Sisi: Egypt Willing to Help Coalition Against IS

Egypt's President says Cairo would do "whatever is required" to help the U.S.-led coalition against the “Islamic State”.

Ben Ariel,

Abdel Fattah el-Sisi
Abdel Fattah el-Sisi
Reuters

Egyptian President Abdel-Fattah Al-Sisi told The Associated Press (AP) on Saturday that Cairo would be willing to help the U.S.-led coalition against the “Islamic State” (IS) group.

Asked if Egypt might provide airspace access or logistical support for airstrikes, he said, "We are completely committed to giving support. We will do whatever is required."

He appeared to rule out sending troops, however, telling AP that Iraq's military is strong enough to fight the militants and that "it's not a matter of ground troops from abroad."

Most importantly, he said, extremism across the region must be tackled — not just the Islamic State.

Sisi warned that the greatest danger came from foreign fighters flooding into the region's conflicts, saying they will eventually return to their home countries — including in Europe — and spread extremism there. He said they "must be prevented" from entering the region.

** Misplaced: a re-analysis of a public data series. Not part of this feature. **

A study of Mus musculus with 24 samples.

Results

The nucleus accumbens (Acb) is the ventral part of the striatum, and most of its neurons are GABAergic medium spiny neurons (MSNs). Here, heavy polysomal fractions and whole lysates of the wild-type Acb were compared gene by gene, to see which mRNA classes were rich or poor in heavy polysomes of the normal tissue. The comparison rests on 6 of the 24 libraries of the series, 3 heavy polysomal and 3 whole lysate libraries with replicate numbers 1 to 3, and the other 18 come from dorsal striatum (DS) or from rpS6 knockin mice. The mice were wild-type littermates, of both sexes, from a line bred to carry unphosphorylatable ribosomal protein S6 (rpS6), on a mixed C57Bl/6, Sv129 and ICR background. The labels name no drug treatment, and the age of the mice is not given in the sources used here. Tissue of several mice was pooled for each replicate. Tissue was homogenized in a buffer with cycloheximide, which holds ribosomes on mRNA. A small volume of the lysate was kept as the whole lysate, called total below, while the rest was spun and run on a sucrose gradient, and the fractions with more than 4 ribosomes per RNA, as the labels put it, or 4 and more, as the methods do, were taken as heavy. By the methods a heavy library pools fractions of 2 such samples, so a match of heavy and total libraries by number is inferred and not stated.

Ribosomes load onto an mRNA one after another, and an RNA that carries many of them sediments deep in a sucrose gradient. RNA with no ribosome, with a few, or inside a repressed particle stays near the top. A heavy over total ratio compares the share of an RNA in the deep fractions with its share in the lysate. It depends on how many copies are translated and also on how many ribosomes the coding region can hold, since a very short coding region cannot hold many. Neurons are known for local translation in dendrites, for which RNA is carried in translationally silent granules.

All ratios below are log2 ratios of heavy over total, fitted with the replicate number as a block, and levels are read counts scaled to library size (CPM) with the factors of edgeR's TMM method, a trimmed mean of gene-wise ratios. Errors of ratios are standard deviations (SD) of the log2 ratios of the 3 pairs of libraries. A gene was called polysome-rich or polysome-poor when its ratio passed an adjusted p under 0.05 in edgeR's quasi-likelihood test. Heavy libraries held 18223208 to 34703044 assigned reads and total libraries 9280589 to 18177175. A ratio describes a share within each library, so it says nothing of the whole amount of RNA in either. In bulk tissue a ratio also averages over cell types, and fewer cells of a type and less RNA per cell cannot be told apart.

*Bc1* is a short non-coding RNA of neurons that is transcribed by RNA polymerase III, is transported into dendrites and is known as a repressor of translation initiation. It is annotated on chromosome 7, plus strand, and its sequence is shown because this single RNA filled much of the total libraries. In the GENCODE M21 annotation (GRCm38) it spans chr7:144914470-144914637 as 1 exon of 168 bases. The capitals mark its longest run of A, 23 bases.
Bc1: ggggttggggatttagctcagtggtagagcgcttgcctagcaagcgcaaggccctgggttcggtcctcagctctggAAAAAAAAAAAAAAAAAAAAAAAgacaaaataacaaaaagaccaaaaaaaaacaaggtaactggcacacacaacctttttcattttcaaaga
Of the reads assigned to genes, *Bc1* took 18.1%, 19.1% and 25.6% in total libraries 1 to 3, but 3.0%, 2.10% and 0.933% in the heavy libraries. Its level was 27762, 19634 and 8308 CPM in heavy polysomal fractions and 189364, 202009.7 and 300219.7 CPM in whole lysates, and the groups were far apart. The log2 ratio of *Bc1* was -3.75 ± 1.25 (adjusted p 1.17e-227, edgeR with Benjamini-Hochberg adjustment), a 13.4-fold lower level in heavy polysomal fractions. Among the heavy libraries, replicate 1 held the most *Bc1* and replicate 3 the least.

The comments in the interview echo ones made by Sisi last week during a meeting with U.S. Secretary of State John Kerry.

Sisi told Kerry that any global coalition against terrorism should battle not just IS but other groups as well.

The Egyptian president said any international coalition to combat terrorism "should be comprehensive and not exclusively target a specific organization or eradicate a certain terrorist hotspot".

He also told AP in Saturday’s interview that if he had not stepped in to remove former President Mohammed Morsi and his Muslim Brotherhood movement, Egypt "would be like all the countries that now suffer from widespread violence, internal conflicts and civil wars.”

Sisi said that all his actions with regards to the crackdown on the Muslim Brotherhood with were to combat militancy and save the country from civil war. He said Egypt is a model for fighting terrorism and that the U.S.-led coalition to fight the IS should take note.

"More than a year ago, I warned that the region was heading to great danger from extremist thought," he told AP. "It didn't receive proper attention until the events in Iraq took place and the Islamic State swept over the Iraqi-Syrian borders."